Join the ranks of those who have furthered their careers by adding to their technical skills. Call 335-6419 today to find out how Odessa College can help you be MORE.


Get skills

BY JOCELYN FOSTER

July 16, 2008 - 10:07AM

When the fall semester starts, Odessa College plans to expand on a 25-year tradition.

OC has long offered a Small Business Management Course. Working on an informal hunch, the college will grow that into a complete program.

"We noticed a lot of people in the Permian Basin region are either taking over small family businesses, or they want to start one of their own," instructor Connie Nichols said.

Financial management and office management are just a few of the classes that Odessa College plans to offer.

Colorado native Austin Walhert, 19, came to OC on a rodeo scholarship. He said he likes the fact that OC has a strong athletics and rodeo department, but that isn't the only reason he's here. He also wants business credits to go toward his marketing degree.

On the side he runs a small leather business where he makes and designs belts, Bibles, day planner holders, halters and other small-end leather products.

"Everything's strictly custom-made," Walhert said.

He started his business as a junior in high school. Last year, he took the small business management class at OC and realized how much Sue Jones and Connie Nichols had to offer.

"They've taught me through their own experiences in life," Walhert said.

Nichols has been teaching the Small Business Management course at OC for 23 years. A native Odessan, she got her business management degree at Texas Tech University before returning to Odessa. In her career, she's helped run her family business and other small businesses.

Jones and Nichols worked together to push the project forward, but it wasn't hard to persuade the curriculum committee and the Community Advisory Board.

They put together a curriculum, developed a course manual and plan to launch the program in the fall.

Nichols said the program isn't just about running small businesses - it's also about life skills.

"The more an individual employee has an understanding about a business, then it makes them a better steward of a city," Nichols said.

"We're trying to make better stewards of our students," she said. "If people are stronger, then businesses are stronger."

She hopes that this new program will help teach people how to access resources available to them in all aspects of life.

Walhert said that's exactly what the business classes taught him. From Nichols' life experience, she has an inventory of case studies and scenarios to offer her students. Walhert said he applies those lessons to his leather business regularly.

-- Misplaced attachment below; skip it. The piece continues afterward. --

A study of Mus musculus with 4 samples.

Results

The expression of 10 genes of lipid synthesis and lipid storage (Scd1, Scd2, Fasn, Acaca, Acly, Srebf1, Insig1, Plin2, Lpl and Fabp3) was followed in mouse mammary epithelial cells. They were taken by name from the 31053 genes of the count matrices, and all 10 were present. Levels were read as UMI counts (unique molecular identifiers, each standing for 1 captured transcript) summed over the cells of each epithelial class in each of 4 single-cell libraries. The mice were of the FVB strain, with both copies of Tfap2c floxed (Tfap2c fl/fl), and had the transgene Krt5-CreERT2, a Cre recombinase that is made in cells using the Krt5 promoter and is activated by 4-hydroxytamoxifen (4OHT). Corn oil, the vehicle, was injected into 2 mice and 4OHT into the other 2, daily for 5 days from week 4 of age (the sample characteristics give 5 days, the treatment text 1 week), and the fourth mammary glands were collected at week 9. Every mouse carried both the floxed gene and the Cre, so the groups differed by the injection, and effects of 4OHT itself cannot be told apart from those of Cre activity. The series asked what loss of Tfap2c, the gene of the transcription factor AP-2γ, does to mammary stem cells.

"It helped me learn how to manage my resources," he said. "I'm able to get the most out of them I can." 

INTERESTED?

>> The Small Business Management Course will be offered as a two-year associate's degree with 23 core classes and 68 total.

>> Already have a degree? Just want to learn management skills? Students can come back for a certification that offers specific business basics. This one-year program requires 31 credit hours.


Friday, 11 February 2005

T&C official speaks to OC students

Merchandise manager outlines company’s marketing strategy

By Ginger Pope
Odessa American

Gasoline with a side of salad could be a new twist in the latest competitive market of convenience stores, Odessa College students were told Thursday.

Tom Blase, risk and benefits director, and Nick Ramos, merchandise manager, for Town & Country spoke to OC business students at the college Thursday. They gave a firsthand account of the competitive challenges in business.

To give the company an edge, Ramos said, the company is considering what healthier food sale options they have, including salads.

“We’re facing an industry of highly competitive convenience stores — there’s one on almost every corner,” he said. “We have to figure out how to change to meet the consumer needs.”
Student Cody Dennis, who is working toward a management certificate, said hearing about Town & Country’s experiences will help him later on.

“I would like to open a convenience store — that’s something I thought about before today,” Dennis said.

Dennis said hearing how Town & Country markets to customers was helpful.

Ramos talked about how the company has to battle against the larger retail stores, who now have gasoline pumps, and the new corner drugstores, like Walgreen’s that are offering more single-serving food sales.

Jami Elledge, who is pursuing certifications in small business operations and general management, said she was so interested in the lecture that she got a business card.

“I want to look into the store manager program,” Elledge said. “My ultimate goal is to set up my own mechanic shop, and I think that could help me.”

Blase said Town & Country is looking for people like those in the OC business classes to work for them. He said store managers need some business background and at least a 2.5 grade-point average.

Salaries for store managers, with an associate’s degree, can range from $40,000 to $60,000, Blase said. For district manager, who may manage several stores, the salary range is from $40,000 to $80,000.

And like the radio commercials say, Town & Country employees have the option to buy company stock, he said.

Connie Nichols, OC business teacher, said bringing in professionals to classes makes the class material more real to the students.

“It gives them a chance to get a taste,” Nichols said. “They think ‘this might be important or I need to learn this.’ ”

Town & Country headquarters are in San Angelo. The company began in 1965 and has a total of 143 stores, including eight in Odessa.